Blast From The Past: Stempede Fuel Altered

Words: Shayne Stewart Contemporary Photography: Luke Ray

The idea of building a race car came about over a Christmas dinner when my dad and I decided that we would build something together. Two hours later and after a few drinks we found a chassis on the net and we had made a start.

After months of pondering about which direction the drag car build was going to head, I received a text message from a mate Robin. It was simply an eBay item number. Being bed bound after having just broken my back I had nothing better to do that to browse eBay and take a look. What came up for auction was a mid 80s Fuel Altered, and in the back ground of the pictures in the ad was a second Altered that came with it. With a low starting bid and no bidder, I rang the guy and had him send me more photos.

When I received the photos, the second Altered body had the name ‘Wildfire’ across the cowl, as it still has now. So after posting questions on forums on the net and making several phone calls, I had a lead that it may have some interesting history, so I made the decision to buy it.

The next morning checking my posts on the net I had discovered only what every drag racer and hot rodderdreams of. Someone knew of the car and its history and the communication started to snow ball from there. Pictures started coming in, emails with contacts, etc etc.

So the story of this little beauty, as I know it to be, is something like as follows:

The Altered was originally built by Charlie Dennis, a well known Whyalla, South Australia mechanic, in 1971. The car started life with a 354 Hemi and direct drive thatwas upgraded to a 392 with a Danekas blower, Enderle injection that was imported from the US and bought from an unknown racer over there.

In 1975 Charlie entered it into the Adelaide Auto Spectacular, and won three trophies; Top Altered/Funny Car, Top Engine Bay and Top Individual Display. Charlie built and mostly drove Stampede himself, although he did put a good mate Fred Hams in the seat a few times.

Charlie sold the car to Phil Reilly in 1976 in Adelaide. Phil made several upgrades to the chassis & cage, and he raced it for a while as ‘Stampede’ and occasionally ran the 392 on ‘POP’ (nitromethane). Phil then put the motor into a later style altered chassis called ‘Snortin Arnold’. The chassis went interstate to Trevor Slaughter who put an injected Big block Chev in it and painted it red and renamed it ‘Wildfire’.

The Altered was last raced in the 80s as ‘Wildfire’ by Trevor and this is where the trace seems to stop. Trevor is now building a land speed stream-liner to make an attack on Australia's fastest wheel driven vehicle record, and to further make an attempt at the 450+ mph record currently held in the US.

Charlie Dennis made the decision to move the altered on to Phil Reilly so he could fund the build of his next project. It was this race car that unfortunately took the life of Charlie in an accident at Whyalla raceway in the mid to late 70s. Steel city raceway in Whyalla to this day still run the Charlie Dennis Memorial Series.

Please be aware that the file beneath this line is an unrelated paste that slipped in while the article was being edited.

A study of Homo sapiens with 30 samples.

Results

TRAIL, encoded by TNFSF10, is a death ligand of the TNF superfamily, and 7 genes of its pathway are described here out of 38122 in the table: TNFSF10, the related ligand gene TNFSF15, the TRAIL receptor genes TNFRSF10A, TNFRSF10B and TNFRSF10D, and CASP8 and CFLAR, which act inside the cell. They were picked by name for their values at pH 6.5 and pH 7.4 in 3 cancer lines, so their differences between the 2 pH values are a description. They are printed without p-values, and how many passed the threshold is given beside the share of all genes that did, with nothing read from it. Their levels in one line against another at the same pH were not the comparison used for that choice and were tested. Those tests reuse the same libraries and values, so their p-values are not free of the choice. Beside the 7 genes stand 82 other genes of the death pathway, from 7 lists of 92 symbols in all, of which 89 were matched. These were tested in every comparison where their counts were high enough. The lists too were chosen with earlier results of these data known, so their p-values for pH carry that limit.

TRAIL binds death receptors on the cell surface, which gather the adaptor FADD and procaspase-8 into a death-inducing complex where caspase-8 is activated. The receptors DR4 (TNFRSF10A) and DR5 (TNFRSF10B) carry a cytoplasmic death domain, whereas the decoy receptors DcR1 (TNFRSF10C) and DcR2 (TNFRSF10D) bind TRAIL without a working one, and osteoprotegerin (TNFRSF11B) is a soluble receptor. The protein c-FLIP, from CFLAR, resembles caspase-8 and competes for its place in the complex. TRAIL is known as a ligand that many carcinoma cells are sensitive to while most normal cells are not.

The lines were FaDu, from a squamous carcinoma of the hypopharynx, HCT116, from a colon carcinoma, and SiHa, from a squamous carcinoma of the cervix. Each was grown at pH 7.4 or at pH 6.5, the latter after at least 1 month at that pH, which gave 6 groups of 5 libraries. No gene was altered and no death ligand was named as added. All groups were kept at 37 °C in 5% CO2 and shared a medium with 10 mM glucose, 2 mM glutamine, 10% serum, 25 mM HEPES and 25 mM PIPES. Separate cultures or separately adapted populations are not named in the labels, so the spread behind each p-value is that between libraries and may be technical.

When I discovered that the altered had such a colourful history and was built and raced by a man that had such an impact on drag racing in Australia, I did not think that their was any other way to build the car other than to build it as Charlie, Fred and Phil ran it back in the 70s.

My plan is to restore the Altered to be as visually correct as possible, but incorporate a few improvements to meet current safety standards.

Having already owned a few 392 Hemis, one of them at one stage held a comp eliminator record here in Australia in the mid 90s. I was thinking it was going to all go relatively smooth, but under further inspection I discovered cracks in the pan rail of the block, welded crank journals, and more problems. I thought if i am going to do this project, I’m doing it to hopefully avoid going over these problems time and time again.

With the scarcity of 392 parts, added to the fact that they are now over 50 years old, I went on the hunt for a Donovan Hemi, the benefits being that its made of aluminium, it’s stronger, and visually nearly identical. I also hunted down the exact same blower; a magnesium 6:71 Danekas. The search continues for period correct details..

Once Complete I’d like to take ’Stempede’ to Steel City Raceway, and take them up on the their offer to debut the car in Whyalla. My goal is to make my first pass in the car in Honor of Charlie, a guy who was not only well respected in, Whyalla, but also the Drag racing community and an all round great guy. 

I’d like to thank the guys who have helped me with unearthing the history of Stampede, and the people who have helped with parts:

Phil Reilly, Fred hams, Peter Jackson ( Steel City Raceway ), Peter Clark and all the guys who have gone out of their way to help with picture and details.

This article first appeared in Fuel Magazine issue 09.